Saturday, January 12, 2008

Bait and Switch

I just finished reading "Bait and Switch" by Barbara Ehrenreich. It was about trying to find work in the white collar world with any "gap" in your work history. In it, she talked about a particularily sadistic double-think people have to go through, which is to be "passionate" about a company that will hire you, but perfectly dispassionate about being dismissed.

All of the book reminded me of something that happened in my air transportation class (back when I was trying for an aviation major). My teacher, Prof. G, told us that we had to tell the airline why we were dying to work for them. I asked, "So, you want us to lie?"
"No," he said, "You have to really want to work for them, or else they aren't going to hire you".
I followed up with "What if you don't really want the job, or you aren't particularily passionate about it?"
Instead of answering, he asked "Then why are you applying for a job that you don't want?"
I answered, "Because one has bills to pay, including student loans, because you work a job you don't want to build hours for a job you do"
He said that "You'd never get a job with that kind of attitude" and went on with his spiel about which words to use in a cover letter.
None of the "answers" really addressed the question, but, it did hint around what was going on. It wasn't enough to be skilled, it wasn't enough to be a good employee: if you wanted a job in the corporate world, then you couldn't just fake it, you HAD to be the person who loved the company with an almost cult-like worship. We were getting ridiculously close to the Japanese, who work an extra hour to thank the company for their job.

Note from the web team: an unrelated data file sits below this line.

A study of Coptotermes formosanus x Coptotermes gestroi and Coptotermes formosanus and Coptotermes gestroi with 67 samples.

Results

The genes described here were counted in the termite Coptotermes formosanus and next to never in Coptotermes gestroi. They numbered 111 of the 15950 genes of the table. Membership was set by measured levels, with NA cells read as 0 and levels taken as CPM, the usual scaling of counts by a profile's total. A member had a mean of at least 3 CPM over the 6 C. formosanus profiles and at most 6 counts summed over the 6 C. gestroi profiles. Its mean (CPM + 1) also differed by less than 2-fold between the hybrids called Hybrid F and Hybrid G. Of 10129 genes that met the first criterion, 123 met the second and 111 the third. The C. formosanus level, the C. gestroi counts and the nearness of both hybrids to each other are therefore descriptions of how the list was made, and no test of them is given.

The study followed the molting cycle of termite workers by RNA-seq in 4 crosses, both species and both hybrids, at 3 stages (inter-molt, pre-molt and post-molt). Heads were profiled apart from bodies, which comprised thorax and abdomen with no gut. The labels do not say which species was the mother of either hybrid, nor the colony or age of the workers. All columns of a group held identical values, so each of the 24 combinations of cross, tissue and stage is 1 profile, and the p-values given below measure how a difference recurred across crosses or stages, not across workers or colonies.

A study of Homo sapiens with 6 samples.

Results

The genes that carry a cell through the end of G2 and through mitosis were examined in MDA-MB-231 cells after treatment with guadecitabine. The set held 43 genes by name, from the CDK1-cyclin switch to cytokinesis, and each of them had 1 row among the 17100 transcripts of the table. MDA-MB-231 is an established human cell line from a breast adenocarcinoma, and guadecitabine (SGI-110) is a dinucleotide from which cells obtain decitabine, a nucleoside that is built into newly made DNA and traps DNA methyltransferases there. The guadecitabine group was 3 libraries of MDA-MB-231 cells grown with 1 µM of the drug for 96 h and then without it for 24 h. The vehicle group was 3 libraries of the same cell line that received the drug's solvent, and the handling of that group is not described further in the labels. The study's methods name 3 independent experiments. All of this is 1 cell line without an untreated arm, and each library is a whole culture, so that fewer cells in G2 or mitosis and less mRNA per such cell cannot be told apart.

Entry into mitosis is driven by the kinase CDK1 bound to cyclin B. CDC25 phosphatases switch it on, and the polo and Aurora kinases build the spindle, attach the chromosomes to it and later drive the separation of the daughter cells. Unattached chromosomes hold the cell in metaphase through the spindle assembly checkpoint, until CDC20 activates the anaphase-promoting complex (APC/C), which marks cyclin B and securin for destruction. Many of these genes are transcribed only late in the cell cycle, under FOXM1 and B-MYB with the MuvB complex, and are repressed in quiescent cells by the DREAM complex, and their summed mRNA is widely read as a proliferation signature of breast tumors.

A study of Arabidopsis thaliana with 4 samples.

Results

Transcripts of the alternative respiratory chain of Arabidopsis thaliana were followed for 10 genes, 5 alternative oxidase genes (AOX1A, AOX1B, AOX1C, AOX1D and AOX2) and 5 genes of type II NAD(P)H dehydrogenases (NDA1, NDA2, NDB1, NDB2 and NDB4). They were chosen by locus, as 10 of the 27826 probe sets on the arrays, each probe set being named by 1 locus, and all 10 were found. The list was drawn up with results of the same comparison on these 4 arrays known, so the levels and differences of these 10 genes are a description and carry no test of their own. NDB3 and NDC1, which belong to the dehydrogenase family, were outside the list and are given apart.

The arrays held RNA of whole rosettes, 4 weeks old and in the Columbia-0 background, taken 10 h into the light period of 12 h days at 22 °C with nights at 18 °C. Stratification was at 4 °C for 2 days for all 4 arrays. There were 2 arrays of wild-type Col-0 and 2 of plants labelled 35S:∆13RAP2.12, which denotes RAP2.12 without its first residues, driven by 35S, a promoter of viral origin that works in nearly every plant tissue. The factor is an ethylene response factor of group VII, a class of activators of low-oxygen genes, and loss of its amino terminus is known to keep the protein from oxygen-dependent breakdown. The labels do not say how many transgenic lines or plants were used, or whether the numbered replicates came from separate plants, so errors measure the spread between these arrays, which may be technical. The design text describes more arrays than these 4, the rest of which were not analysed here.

Another professor, Prof Mustache, was telling us a story in the atrium about an employeer who would go and check the trunk of his prospective employees before hiring them, to see that they were organized enough. I was agast: COPS don't get to look in my trunk in order for me to be a citizen, and I didn't understand what my private life had to do with my ability to fly a plane (particularily for me: my home life is, charitable speaking, chaotic *read, messy*, but my work space is always organized).

The weirdest part of this is, all the other students seemed to just swallow this, without any question. When I questioned these job-gaining tactics, it was I who was looked at like I had grown a third eye, not the teachers.

I don't understand this: companies make their money from the labor of the workers. They are not doing us a favor when they higher us, we are engaging in a (mostly) mutually beneficial relationship. As a worker, I am not a "human resource", I am your wealth. I am not a "payroll expense" I am how a company gets profit. And to do this, I don't have to love the company, I have to work hard, and then at the end of the day, I leave to have a life.

I don't think that I will ever fit into the corporate workplace, and quite frankly, I hope I never have to. It seems insane to me.